My name is Eisha Sarkar and I am a writer, educator, peacebuilder and designer based in Gujarat, India. I thank Asef (Majidi) and the Social Entrepreneurship Council at The University of the Pacific for inviting me to share my stories.
I became interested in the idea of social entrepreneurship after reading Jacqueline Novogratz's book, The Blue Sweater. Some of you may be familiar with her work and Acumen, a non-profit global venture fund, she founded, which helps build financially sustainable organizations that deliver affordable goods and services and in turn, improve the lives of the poor. The organization is headquartered in New York and has offices in India, Pakistan, Kenya and Ghana. In the early 1990s, she founded the first microfinance institution in Rwanda called Duterimbere.
In Kigali, Jaqueline found a group of 20 unwed mothers who were in a baking project and undertook sewing orders. They hardly baked or sewed and the women earned fifty cents a day. The charity that was supporting them was losing $650 a month. They would have trebled the women's incomes by just handing them the money instead of 'giving the poor women something nice to do till all the money ran out'. Jacqueline proposed the idea that they run the organization like a business and not charity. They all agreed and The Blue Bakery was established. Within eight months, the women were earning $2 a day, much more than most women in Kigali earned and sometimes they even earned more than $3. For the first time in their lives, their incomes allowed them to decide when to say yes and when to say no. Money gave them confidence and choice and in turn, dignity.
About two years ago, I met an enterprising couple – Shyam and Swati Bedekar – in Vadodara, India. They run an organization called Vatsalya Foundation, which helps set up sanitary napkin-manufacturing units in rural homes. Swati, a teacher by profession, noticed how girls in tribal areas skipped school at the time of their menses. Within homes, they were forced into isolation for those five days a month. They had no access to sanitary napkins (the ones in the market were too expensive) and used old rags, newspapers, ash, mud, etc, during their periods. Naturally, the incidence of infection was very high. It took years of research for Swati and Shyam to come up with a viable solution: a low-cost eco-friendly sanitary pad that could be incinerated without creating any hazardous by-products.
While initially they started sourcing and distributing the pads, the couple realized the only way they could keep costs down is by creating manufacturing set-ups in people's homes. Shyam made a machine that would be easy to operate in a small room. Thus started Sakhi, an organization run by women that creates low-cost eco-friendly sanitary napkins. Rural women, many of them illiterate, run it like a business. I have met some of them. A few years ago, they would not even utter a word in front of their husbands. Today, they are comfortable walking up to a manager to open a bank account. A single unit in a village makes a lot of difference. Watching their mothers make the pads, encourages the girls to use them and makes them more hygiene-conscious. The women are able to financially support their husbands and girls no longer drop out of school citing menstruation as the reason.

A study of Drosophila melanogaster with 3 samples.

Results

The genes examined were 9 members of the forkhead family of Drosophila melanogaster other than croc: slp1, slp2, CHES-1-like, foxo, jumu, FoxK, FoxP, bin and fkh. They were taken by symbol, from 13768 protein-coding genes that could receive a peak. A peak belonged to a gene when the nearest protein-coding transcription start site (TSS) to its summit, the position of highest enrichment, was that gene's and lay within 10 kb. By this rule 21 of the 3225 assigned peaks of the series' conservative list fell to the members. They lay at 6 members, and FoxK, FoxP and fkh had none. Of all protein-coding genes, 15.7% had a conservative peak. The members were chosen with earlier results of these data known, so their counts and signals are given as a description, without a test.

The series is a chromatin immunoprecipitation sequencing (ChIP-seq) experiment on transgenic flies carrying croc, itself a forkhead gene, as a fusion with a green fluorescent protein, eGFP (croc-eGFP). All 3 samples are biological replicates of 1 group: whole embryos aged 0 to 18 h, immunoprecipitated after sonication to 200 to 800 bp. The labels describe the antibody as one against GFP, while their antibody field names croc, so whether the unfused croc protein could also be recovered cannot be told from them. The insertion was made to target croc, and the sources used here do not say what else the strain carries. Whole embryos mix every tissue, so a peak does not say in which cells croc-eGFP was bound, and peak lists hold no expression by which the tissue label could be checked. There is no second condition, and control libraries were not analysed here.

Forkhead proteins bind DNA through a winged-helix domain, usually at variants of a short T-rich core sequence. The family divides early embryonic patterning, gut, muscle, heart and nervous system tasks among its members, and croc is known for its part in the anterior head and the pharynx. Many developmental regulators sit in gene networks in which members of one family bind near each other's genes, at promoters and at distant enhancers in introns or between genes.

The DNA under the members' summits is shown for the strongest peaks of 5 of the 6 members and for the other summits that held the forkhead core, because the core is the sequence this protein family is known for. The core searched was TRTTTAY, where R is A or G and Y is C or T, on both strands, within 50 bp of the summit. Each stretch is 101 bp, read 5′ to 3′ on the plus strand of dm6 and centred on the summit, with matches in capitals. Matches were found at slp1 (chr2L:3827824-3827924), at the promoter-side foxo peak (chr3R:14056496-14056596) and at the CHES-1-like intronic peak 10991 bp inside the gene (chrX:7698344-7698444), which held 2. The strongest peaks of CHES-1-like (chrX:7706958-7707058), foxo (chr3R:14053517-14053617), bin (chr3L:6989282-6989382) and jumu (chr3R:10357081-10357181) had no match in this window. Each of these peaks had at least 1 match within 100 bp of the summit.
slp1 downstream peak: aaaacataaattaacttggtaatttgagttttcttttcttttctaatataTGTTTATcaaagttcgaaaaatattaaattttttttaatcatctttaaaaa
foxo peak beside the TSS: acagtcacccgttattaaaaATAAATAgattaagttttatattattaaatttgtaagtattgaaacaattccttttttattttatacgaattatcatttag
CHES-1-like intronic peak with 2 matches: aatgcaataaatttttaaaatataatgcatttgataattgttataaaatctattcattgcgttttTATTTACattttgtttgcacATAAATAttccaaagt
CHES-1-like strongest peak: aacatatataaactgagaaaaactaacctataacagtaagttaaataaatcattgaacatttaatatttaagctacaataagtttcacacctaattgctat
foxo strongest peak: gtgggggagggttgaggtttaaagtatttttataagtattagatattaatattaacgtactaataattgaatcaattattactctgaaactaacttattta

Sakhi has been written about in various newspapers in India and abroad. On one occasion when I was with Swati, I was introduced to Amy Grace Peake from UK, who was so moved by the plight of 40000 Syrian women refugees in the Zataari refugee camp in Jordan, that she chose to do something about bringing them dignity and jobs. Amy managed to cut the red tape and get the UN sanction to create a small unit at the refugee camp where Sakhi's machines were installed to manufacture sanitary napkins and incontinence pads. The enterprise is run by women refugees. This is an example of people from different parts of the world coming together to solve a social and health issue in another part of the world. It's about collective social responsibility.
We look at enterprise in terms of income generation and jobs, but it's also about building capacities and skills and creating an employable taskforce. I volunteer for a one-to-one peacebuilding initiative called Pax Populi. It is a Latin phrase and means peace of the people. In 2007, Robert McNulty, a professor of ethics and Bentley University in Massachusetts, founded the non-profit, Applied Ethics, Inc, with the goal to support peacemaking through education and economic development. Pax Populi Academy is an online school, where students in Afghanistan are connected with English and Math tutors from around the world. Four decades of war have destroyed the country and ruined its education system. Since English is the global language for business communication, we try to build bridges between countries and cultures through our English tutoring programs. Pax Populi members are from Afghanistan, USA, Canada, UK, France, Greece, India and South Korea. I joined this initiative as a tutor to understand and learn about the very rich Afghan culture. I have taught students in two Afghan cities – Herat and Kabul. As Pax Populi's Social Media Manager, I interact with hundreds of Afghan students who dream of making their country safe and prosperous again. I always had tremendous respect for Afghan peoples and their literature and my respect for them has grown immensely since I joined this organization. I have made friends even outside the program and one such is Asef, who is one of the most hardworking people I know.
Education, health, poverty alleviation and peace rank among the UN Sustainable Development Goals that we seek to achieve over the next 15 years to make the world a better place. I believe cross-cultural, multi-platform social enterprises will become the driving forces to attain these goals.